Acrylic fabric is an artificial textile fibre made from petroleum products. This material was first developed by the DuPont Company in 1950, and has gone on to be used in clothing, blankets, rugs, yarn, outdoor furniture and upholstery. Acrylic fabric is durable and low maintenance, but does have some disadvantages when compared to natural fibres.
Acrylonitrile is a colourless flammable liquid derived from polypropylene plastic and used to make acrylic fibres. Usually combined with other chemicals to improve dye absorption, this chemical is placed into a spinning solution. It can then be either dry spun, by injecting it into an air-filled space, or wet spun, by spraying it into water. The resulting fibre is washed, dried and crimped, producing either "tow," a long continuous fibre, or "staple," shorter fibres similar to wool or cotton. Both types of fibre can be woven into cloth like any other.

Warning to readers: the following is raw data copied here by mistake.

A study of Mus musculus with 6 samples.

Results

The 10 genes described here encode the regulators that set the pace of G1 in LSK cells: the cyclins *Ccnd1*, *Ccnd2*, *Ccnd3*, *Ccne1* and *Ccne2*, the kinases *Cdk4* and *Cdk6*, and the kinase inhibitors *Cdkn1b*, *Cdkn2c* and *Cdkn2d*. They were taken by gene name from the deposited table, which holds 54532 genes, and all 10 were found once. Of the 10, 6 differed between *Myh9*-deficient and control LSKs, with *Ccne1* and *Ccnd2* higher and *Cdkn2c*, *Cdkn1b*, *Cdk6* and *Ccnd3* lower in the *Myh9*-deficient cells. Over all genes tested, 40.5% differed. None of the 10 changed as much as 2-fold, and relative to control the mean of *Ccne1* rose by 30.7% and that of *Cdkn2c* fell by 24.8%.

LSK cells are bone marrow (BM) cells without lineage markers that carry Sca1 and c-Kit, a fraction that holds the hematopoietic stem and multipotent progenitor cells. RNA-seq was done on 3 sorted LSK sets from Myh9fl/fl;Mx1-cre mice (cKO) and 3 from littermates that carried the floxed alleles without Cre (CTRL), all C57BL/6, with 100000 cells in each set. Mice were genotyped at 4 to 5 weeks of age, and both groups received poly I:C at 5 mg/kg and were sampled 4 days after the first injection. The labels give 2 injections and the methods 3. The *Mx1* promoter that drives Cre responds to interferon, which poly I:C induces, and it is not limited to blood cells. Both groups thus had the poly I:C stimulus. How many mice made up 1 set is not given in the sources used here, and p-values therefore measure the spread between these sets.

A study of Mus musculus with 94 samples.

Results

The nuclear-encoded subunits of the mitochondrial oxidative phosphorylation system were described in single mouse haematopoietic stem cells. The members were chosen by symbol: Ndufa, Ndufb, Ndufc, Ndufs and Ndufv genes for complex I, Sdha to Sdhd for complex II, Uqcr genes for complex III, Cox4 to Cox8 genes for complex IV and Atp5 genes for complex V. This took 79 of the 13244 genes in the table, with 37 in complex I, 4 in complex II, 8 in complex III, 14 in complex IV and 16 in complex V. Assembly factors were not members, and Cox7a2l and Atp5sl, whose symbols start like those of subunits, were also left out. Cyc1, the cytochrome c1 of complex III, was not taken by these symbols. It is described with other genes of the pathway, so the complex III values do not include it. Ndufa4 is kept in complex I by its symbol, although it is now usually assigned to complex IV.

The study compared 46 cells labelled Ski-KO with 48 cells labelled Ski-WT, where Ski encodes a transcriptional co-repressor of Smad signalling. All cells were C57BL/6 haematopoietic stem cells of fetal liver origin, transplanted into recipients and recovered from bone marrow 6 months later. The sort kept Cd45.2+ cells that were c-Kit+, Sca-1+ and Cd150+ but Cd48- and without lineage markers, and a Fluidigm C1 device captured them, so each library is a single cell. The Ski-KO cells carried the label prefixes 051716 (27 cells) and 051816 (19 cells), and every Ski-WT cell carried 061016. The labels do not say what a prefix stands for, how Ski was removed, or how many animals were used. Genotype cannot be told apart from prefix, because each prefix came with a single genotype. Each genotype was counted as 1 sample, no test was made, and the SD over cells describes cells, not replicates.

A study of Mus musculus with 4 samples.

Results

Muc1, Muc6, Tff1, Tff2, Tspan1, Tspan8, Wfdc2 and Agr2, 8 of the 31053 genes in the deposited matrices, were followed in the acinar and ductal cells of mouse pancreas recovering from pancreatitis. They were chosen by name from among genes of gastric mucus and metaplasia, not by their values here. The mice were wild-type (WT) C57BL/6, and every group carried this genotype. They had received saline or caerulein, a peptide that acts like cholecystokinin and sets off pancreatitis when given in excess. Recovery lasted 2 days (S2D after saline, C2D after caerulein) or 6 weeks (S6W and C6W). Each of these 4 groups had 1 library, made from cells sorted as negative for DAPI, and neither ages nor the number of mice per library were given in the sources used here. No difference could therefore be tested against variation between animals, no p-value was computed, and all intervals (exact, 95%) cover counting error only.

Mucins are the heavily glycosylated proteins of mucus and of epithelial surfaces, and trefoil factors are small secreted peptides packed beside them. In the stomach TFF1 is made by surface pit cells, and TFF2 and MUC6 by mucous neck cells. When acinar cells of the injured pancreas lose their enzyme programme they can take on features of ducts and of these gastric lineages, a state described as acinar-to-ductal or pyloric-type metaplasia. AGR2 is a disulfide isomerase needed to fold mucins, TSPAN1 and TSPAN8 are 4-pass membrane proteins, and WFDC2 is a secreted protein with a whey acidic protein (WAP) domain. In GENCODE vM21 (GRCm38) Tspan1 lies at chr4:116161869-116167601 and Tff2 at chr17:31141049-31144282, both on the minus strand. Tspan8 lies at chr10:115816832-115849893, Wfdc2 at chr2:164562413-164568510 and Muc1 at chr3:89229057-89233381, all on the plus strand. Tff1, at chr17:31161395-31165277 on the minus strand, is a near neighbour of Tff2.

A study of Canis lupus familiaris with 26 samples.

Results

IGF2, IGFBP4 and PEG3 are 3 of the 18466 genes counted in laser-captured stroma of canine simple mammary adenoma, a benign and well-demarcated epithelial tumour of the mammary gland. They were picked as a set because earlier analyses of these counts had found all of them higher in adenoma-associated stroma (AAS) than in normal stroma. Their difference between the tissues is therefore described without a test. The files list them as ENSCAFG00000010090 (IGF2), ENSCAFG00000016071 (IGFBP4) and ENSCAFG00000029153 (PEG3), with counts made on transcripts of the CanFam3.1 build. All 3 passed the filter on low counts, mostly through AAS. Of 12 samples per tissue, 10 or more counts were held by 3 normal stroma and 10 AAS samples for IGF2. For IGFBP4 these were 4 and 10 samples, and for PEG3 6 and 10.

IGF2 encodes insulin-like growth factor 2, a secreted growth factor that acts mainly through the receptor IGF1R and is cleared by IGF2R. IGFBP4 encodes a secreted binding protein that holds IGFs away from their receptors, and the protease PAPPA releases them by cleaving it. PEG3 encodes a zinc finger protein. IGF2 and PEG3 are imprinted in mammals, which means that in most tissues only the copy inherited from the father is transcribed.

Acrylic fabric resists oil and chemical spills, moth attack and degradation by sunlight. It has a wool- or cottonlike texture and wicks moisture away from the skin quickly. It takes dye readily in production and retains its colour well, even in conditions that fade other materials. As a man-made fibre, acrylic fabric resists wrinkling, retains its shape well and is easy to wash. It requires very little maintenance compared to natural fibres.
Like many other man-made fabrics, acrylic textiles have relatively poor insulation qualities when compared to natural fibres. Acrylic sweaters are rarely as warm as woollen ones and lose their insulating power when wet. In hot weather, acrylic fabrics may make the wearer feel hot, compared to natural fibre fabrics, though acrylic's wicking power can decrease this problem. Since acrylic is derived from petroleum, it melts as it burns and can cause severe skin damage if it catches on fire. This material burns readily in contact with a hot iron, cigarette ash or heating element and is more difficult to extinguish than natural fibres like wool.
Wash acrylic fabric in warm water on the gentle cycle, or by hand. Use fabric softener every third or fourth washing, as this material easily generates static electricity. Machine dry at a low temperature setting and remove garments as soon as the tumble cycle is over. Never dry acrylic fabrics at a high setting or use a hot iron on acrylic garments, as even moderate heat levels can melt or burn this material.